Wednesday, February 23, 2011

Be Safe! Work Light Screen



Last week I posted a video about modifying your hardware store work lights to run cooler and be more compact. That mod involved removing the glass from the work light so heat could escape. A viewer pointed out that the glass functions as a protection against an exploding bulb, and what I had now was very unsafe. I had no intention of making something dangerous, so I am quickly responding with this video that details how to insert a safety screen where the glass once was.

Now your light will still run cooler, but you have the added precaution of a barrier between you and any bulb popping that might occur. Safety is very important on any set and I would never want anyone to be hurt by anything they learned to do on this blog.

Press play!

7 comments:

Josh said...

Im pretty sure the glass also protects you from UV which the light produces. wanna check that?

Scott Eggleston said...

I can't find any evidence that the glass offers UV protection. Even if it does, the screen offers the same protection as the aforementioned Lowel Tota and Omni lights or any other open-faced lamp.

James King said...

The glass IS meant to offer UV protection Josh is correct, exploding bulbs not so much. I use several in my shop (carpenter/inventor/photographer) and all the glass panels in mine have a warning about the UV radiation put off by the lamps. However; the screen you put in your lamps ALSO offers some degree of protection from UV, so replacing the glass with aluminum screening is safe (As long as they are not used in a dusty environment) the likelihood of a bulb bursting is rather unlikely in any case. the only reason a bulb would burst is if it were jarred during use or cooled suddenly. As a frugal inventor myself I've built my own lamps and never had one burst randomly. But have had one set the area I was working in to flames due to dust combustion which is what the owners manual of my store bought lamps warns about.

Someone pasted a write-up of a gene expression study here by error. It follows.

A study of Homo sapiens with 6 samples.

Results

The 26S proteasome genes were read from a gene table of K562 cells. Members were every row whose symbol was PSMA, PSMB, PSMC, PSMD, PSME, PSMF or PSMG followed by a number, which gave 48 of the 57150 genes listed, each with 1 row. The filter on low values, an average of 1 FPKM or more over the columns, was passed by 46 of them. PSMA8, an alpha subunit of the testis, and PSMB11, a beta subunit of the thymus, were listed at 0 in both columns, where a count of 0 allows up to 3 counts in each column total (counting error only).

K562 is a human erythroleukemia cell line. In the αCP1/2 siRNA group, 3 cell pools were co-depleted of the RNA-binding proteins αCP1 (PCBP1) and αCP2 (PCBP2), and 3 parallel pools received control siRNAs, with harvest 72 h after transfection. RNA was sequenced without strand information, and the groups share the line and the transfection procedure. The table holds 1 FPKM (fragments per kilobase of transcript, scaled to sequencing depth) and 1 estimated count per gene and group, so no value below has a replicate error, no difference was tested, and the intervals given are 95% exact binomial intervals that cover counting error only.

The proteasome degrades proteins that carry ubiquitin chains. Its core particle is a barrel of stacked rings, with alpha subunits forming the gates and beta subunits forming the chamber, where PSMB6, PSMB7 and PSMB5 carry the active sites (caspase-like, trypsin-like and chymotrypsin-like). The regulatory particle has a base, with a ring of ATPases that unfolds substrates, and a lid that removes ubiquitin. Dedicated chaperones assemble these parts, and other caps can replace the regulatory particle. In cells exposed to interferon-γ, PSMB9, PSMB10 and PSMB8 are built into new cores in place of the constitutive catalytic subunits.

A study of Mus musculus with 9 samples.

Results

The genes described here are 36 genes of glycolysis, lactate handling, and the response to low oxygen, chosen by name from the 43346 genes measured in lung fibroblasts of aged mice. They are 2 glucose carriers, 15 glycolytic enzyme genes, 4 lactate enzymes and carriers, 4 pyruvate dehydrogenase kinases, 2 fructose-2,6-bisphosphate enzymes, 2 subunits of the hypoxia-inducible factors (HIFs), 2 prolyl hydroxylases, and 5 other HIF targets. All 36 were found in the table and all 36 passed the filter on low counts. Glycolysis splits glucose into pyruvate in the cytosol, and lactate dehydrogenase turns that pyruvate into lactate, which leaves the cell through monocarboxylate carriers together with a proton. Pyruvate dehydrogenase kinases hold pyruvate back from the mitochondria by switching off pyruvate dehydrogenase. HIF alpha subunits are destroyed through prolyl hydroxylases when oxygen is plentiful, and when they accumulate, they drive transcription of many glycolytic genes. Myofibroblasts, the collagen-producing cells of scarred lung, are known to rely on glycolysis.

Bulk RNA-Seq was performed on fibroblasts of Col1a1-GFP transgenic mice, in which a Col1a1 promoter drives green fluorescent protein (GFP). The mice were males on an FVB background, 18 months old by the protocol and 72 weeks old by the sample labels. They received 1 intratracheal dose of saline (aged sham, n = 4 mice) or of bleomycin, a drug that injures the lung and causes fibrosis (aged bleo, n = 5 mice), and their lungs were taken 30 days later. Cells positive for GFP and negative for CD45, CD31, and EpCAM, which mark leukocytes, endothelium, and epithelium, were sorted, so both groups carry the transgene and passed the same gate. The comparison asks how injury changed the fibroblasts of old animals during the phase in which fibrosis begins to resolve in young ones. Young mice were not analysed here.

Ted M said...

These halogen work lamps are used by DIY screen printers because they emit UV light which cures photographic emulsion.

These definitely crank out the UV when the UV-blocking glass is removed.

DIYFilmSchool.net said...

Very nice tip! Super easy. This is making me want to buy work lights.

Peter Pumpkineater said...

Hello, Scott.
What do you think about converting the unused glass of those work lights into a conversion filters? By tint-dying them to blue (e.g. soft tint of a color spray)?

Rick from Sanatorium said...

Hi Scott,
Just out of curiosity I went through my 500W work lights manual and found several security issues involved with this kind of lights, like:
* minimal distance from the wall - 4' (front), 9" (back)
* minimal tilt - 90° (meaning it must not be faced downwards - probably because of accumulation of heated air); even such a thing like a maximal lateral tilt of 4° (for some reasong) is mentioned there
* it must be always plugged with an PE (protecting/earthing) conductor
* halogen bulb not to be touched by bare hands
* (of course) caution from looking directly into the light

I didn't find anything about UV radiation.
I suppose it cools a bit quicker if upon turning it off You tilt it upwards.